Consumer Credit

When attempting to determine the pace of consumer spending in the economy, it is best to look at the growth rate of personal incomes, or better yet, the rate of change in real disposable personal incomes—those adjusted for inflation and taxes. The economic reasoning for watching incomes is that consumers—the largest contributor to GDP—tend to spend only what they earn. There is,

EXHIBIT 12.2 Commercial & Industrial Loans and Nonresidential Business Investment

however, an additional measure that will help explain the state of consumer affairs and the propensity for consumers to spend, the Federal Reserve’s Consumer Credit report.

Each monthly release details the outstanding levels of credit secured by depositing institutions, finance companies, credit unions, federal government, and so on. The Street focuses on the monthly change in the headline amount of total consumer credit and the pace of revolving and nonrevolving credit.

Revolving credit essentially is the level of credit card borrowing. Watching the trends in this series permits the economist to see the desire consumers have to ring the cash registers. If conditions are favorable and consumers feel good in their situations and job prospects are upbeat, then they tend to pull out the charge cards and make purchases knowing that they will have the ability to pay the balance of their purchases over time. So, if you're employed and want to buy an item that may exceed your current budget like a dishwasher, an electronic device, or an air conditioner, you will spend with the understanding that you'll have money in the future. Conversely, a credit card purchase is not likely for an individual who has been furloughed from work or suspects the future environment is not altogether promising.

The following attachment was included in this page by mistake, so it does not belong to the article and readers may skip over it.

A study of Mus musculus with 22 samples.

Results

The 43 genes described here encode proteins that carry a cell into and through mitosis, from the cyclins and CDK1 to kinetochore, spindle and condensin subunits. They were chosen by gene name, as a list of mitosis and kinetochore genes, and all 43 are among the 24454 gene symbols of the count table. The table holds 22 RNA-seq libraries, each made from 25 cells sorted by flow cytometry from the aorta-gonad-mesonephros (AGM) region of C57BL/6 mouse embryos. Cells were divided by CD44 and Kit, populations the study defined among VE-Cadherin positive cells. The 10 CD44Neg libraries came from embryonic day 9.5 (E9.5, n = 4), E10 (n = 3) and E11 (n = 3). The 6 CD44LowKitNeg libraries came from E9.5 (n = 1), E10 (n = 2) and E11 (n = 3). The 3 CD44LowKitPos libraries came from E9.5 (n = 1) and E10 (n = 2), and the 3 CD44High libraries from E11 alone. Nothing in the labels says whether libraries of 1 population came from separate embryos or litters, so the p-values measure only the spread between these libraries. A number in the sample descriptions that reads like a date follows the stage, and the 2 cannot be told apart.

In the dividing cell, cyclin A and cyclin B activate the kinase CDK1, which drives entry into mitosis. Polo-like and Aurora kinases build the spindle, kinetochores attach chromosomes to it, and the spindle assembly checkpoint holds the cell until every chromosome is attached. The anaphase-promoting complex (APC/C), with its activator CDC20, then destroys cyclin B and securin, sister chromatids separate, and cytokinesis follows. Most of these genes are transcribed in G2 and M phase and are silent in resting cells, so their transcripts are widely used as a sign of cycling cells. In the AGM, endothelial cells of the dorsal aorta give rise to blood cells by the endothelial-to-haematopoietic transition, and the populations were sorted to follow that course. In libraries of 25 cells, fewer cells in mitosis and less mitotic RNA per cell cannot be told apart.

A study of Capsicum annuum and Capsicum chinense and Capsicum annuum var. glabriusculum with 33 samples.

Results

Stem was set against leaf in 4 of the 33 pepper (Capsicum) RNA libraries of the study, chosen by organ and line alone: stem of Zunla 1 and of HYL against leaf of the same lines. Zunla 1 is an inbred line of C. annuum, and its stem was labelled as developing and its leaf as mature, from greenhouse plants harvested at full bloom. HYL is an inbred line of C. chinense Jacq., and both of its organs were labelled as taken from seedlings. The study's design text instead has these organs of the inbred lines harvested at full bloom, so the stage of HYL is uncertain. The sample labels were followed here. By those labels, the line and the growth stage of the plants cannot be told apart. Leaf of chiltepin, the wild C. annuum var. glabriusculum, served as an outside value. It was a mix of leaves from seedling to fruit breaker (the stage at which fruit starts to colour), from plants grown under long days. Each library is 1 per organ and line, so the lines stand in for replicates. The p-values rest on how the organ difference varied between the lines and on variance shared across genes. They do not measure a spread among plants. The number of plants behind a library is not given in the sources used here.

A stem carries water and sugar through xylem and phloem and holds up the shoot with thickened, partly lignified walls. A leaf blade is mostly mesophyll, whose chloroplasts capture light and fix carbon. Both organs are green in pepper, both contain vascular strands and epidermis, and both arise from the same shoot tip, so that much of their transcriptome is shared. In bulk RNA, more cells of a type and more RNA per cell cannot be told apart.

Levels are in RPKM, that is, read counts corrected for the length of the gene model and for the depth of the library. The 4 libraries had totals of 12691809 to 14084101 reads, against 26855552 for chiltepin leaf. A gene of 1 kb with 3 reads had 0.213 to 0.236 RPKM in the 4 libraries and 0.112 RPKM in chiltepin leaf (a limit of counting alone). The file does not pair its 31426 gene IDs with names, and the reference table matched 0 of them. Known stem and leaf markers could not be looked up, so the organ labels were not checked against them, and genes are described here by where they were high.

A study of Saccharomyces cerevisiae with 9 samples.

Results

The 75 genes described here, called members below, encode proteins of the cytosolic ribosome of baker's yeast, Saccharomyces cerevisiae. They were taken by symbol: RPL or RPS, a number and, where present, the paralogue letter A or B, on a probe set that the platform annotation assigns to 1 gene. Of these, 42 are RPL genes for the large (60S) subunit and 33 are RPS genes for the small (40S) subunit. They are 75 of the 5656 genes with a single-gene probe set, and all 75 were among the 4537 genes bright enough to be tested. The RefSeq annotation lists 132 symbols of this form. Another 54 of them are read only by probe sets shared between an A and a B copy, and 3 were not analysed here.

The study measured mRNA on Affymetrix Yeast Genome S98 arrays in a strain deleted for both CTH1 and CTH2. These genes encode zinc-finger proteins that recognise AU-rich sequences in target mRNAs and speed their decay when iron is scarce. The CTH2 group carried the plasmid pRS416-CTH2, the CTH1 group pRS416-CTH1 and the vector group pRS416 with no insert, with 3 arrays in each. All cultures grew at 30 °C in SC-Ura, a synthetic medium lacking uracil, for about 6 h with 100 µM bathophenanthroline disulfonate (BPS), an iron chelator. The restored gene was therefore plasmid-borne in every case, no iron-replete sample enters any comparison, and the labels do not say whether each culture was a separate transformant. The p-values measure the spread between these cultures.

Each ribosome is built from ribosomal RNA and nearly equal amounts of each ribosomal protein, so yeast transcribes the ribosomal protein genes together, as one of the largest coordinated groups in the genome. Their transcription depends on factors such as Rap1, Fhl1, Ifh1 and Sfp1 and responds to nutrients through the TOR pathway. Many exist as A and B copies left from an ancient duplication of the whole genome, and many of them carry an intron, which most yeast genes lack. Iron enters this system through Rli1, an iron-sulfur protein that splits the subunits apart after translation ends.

The other portion of outstanding consumer credit is nonrevolving, which includes loans on motor vehicles, mobile homes, education, boats, trailers, and so on. In more recent times the levels of nonrevolving debt have escalated and grew by a faster pace than revolving. This is, in large part, due to higher prices and demand for student loans. Also, auto loans have picked up amid a historically low interest rate environment. Consumer credit is, of course, very sensitive to the underlying interest rate.

As Exhibit 12.3 shows, during more prosperous times, consumers tend to pick up the pace of borrowing and spending. In more recent times (post 2007—2009 downturn) the pace of revolving credit moved in a “sideways” pattern, advancing by a range of 0 percent and 4.5 percent from 2012 to 2016. Despite the low-interest-rate environment, consumers were still reluctant to use their credit cards since the economic climate remained miserable for so long. Revolving credit growth didn’t increase by any desirable pace until 2014, some five years after the NBER declared an end of the recession in July 2009. The pace of nonrevolving credit advanced by double digits, and then trended lower to a high-single digit pace.

Some caution is advised when using the consumer credit data. There are no mortgage-related data contained in this release, even though this is the largest “credit-related” purchase a consumer may make in a lifetime. Also, there is a tendency for revisions to alter the levels due to new sources becoming available, while the loss of other data inputs can be discontinued. Reclassification of data like some of that pertaining to student loans has also been known to inject some volatility in these figures.

EXHIBIT 12.3 Consumer Installment Credit

There are also special memo items that appear in the report on isolated values of motor vehicle loans and student loans. This appears on a somewhat delayed basis.